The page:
Ziggens-Zagging : The Band Goes In and Out of Lots of Musical Styles but Can Always Be Counted On for Fun

February 09, 1995|MIKE BOEHM | TIMES STAFF WRITER

HUNTINGTON BEACH — As the Ziggens try to make themselves known to the world, prevailing trends in rock music are not on their side. But human nature probably is.

Conventional wisdom says that the bands most likely to hit it big in the alternative-rock sweepstakes are those that can deliver tough music for tough times by snarling their rage, crying out their anguish or venting their contempt. But some part of human nature still wants to take delight in what's sweet, silly and innocent; it still wants a good, lighthearted laugh.

Enter the Ziggens, an Orange County rock trio that, like Sgt. Peppers' Lonely Hearts Club Band, is guaranteed to raise a smile.

For the past three years, members Bert Susanka, Brad Conyers and Jon Poutney--who use the common surname Ziggen for stage purposes--have been turning out music that's hard to sum up in a word or two, although "fun" covers a good deal of it.

Musically, the Ziggens go in and out of lots of styles: Their just-released album, "Chicken Out!" offers a good helping of exuberant surf-rock riffing, a touch of punk craziness and left-turns into funk grooves and ska rhythms.

For reasons that Susanka, the main songwriter, doesn't quite understand, the Ziggens also have a substantial repertoire of original country songs. Whatever style they attempt, the Ziggens are able to spice it with a catchy tune and an inviting vocal harmony blend between guitarist Susanka and drummer Conyers.

The Ziggens' lyrical concerns are even harder to peg briefly, although once again, it's the sense of fun and humor that registers most strongly. This is a band that has composed silly odes to TV characters, including Gilligan and Goober, that celebrates such everyday activities as grocery shopping and ordering a meal and that, in fact, seems to regard no speck of pop-cultural minutiae or snippet of daily routine as too small to serve as an object of wonderment or comic commentary.

On the other hand, Susanka also regularly crafts poignant ballads about romantic loss, alcoholic desolation and his own intimations of mortality, all of which benefit from his tendency to sound, in more mellow moments, like Paul Simon. The spiritual concerns that arose on a few songs from the band's 1994 cassette, "Rusty Never Sleeps," have grown more pronounced on "Chicken Out!"

What, really, is one to make of a band that gleefully belches its way through a surf-rock tune called "Burpin' U.S.A.," then turns around and offers, in "Real Presents," a folksy, straightforward declaration of faith in the Roman Catholic doctrine of transubstantiation--the belief that the bread and wine used in the Holy Communion ceremony are transformed into the body and blood of Christ?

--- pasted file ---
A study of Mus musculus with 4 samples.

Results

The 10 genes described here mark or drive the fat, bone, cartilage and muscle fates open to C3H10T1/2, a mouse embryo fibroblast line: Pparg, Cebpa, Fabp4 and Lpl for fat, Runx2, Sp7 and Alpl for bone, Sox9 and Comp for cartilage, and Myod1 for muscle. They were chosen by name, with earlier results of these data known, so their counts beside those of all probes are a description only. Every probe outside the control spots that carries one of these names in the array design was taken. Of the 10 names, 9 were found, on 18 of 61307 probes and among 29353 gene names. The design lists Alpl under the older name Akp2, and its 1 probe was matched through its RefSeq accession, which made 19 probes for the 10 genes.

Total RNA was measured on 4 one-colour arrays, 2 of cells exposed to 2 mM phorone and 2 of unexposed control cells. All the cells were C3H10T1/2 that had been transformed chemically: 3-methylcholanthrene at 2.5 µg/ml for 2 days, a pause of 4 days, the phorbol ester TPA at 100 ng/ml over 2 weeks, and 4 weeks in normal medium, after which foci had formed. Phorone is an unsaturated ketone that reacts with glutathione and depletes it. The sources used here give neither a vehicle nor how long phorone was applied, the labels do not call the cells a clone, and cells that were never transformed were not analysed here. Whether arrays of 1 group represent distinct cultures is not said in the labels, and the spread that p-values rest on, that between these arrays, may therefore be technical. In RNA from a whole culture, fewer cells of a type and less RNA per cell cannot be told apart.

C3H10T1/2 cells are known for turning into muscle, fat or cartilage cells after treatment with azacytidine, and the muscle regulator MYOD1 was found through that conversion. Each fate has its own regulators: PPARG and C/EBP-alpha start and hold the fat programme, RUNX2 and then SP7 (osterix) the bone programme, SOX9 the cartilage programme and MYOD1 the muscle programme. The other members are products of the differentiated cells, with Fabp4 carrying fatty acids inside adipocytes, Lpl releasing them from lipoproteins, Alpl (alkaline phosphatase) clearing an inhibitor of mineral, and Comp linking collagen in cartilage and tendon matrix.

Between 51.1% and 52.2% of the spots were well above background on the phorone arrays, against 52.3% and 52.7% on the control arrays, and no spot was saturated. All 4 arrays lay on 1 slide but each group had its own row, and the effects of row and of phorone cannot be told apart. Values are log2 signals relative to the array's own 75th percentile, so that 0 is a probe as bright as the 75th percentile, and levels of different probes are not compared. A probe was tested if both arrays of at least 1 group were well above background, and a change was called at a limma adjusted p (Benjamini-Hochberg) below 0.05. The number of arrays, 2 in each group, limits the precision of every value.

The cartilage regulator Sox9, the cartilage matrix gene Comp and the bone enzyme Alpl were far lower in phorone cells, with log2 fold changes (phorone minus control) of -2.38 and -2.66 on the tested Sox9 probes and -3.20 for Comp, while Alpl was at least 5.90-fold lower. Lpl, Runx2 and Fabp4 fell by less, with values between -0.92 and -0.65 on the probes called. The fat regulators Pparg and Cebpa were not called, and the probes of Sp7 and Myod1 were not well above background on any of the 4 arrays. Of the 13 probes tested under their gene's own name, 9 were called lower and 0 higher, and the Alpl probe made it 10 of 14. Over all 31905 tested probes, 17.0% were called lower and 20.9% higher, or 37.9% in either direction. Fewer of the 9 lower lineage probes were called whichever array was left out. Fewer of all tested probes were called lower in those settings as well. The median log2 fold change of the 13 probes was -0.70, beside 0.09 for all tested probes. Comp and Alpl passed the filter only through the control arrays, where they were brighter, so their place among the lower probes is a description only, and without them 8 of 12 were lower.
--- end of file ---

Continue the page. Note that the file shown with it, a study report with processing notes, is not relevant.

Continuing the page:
On stage, Susanka's usual outfit consists of two thrift-store purchases: a dowdy green ladies' dress and a shako--that furry, cocoon-like drum-major's hat. Conyers, a sharp, experienced drummer, has been known to sally out from behind his kit on a skateboard in mid-performance.


Susanka, who makes his living running a medical office, is soft spoken and direct, an avowed lover of family life who cuddled his son Paul on his lap during the interview until the 3-year-old was fast asleep.

Conyers is the most likely Ziggen to offer a witty quip, bassist Poutney the most likely to smile amiably and say nothing. Both members of the Ziggens' rhythm team are 27; they work together at Knott's Berry Farm, doing sound engineering and staging for the theme park's entertainment department.

In "Chicken Out!," the Ziggens feel they have made their first real album. It features detailed studio work, abetted by producer Rob Perez, that rounds out the trio's efforts with additional instruments such as Dobro, fiddle, steel guitar and E-bow guitar.

The first Ziggens album available on CD, it's a long way from their 1992 debut, "Wake Up and Smell the Ziggens," which was recorded live in Conyers' living room.

Over the past year, Susanka and Conyers said, the band has begun to think that its idiosyncratic music and lighthearted style might be able to find a wide audience among the same generation that has been written off by many a broadly generalizing commentator as a terminally sour and resentful bunch.

"We thought that high-school kids would hate us. I thought they were going to want anger," said Susanka, who retired in 1993 from a brief career as a high-school teacher because "being hit in the head by flying metal objects" didn't suit him.

Nevertheless, the Ziggens decided a year ago to start playing more all-ages concerts, often sharing bills with Sublime, the popular, hard-edged Long Beach ska-punk band that has nothing in common with the Ziggens except a record label (Skunk), and an unlikely mutual friendship.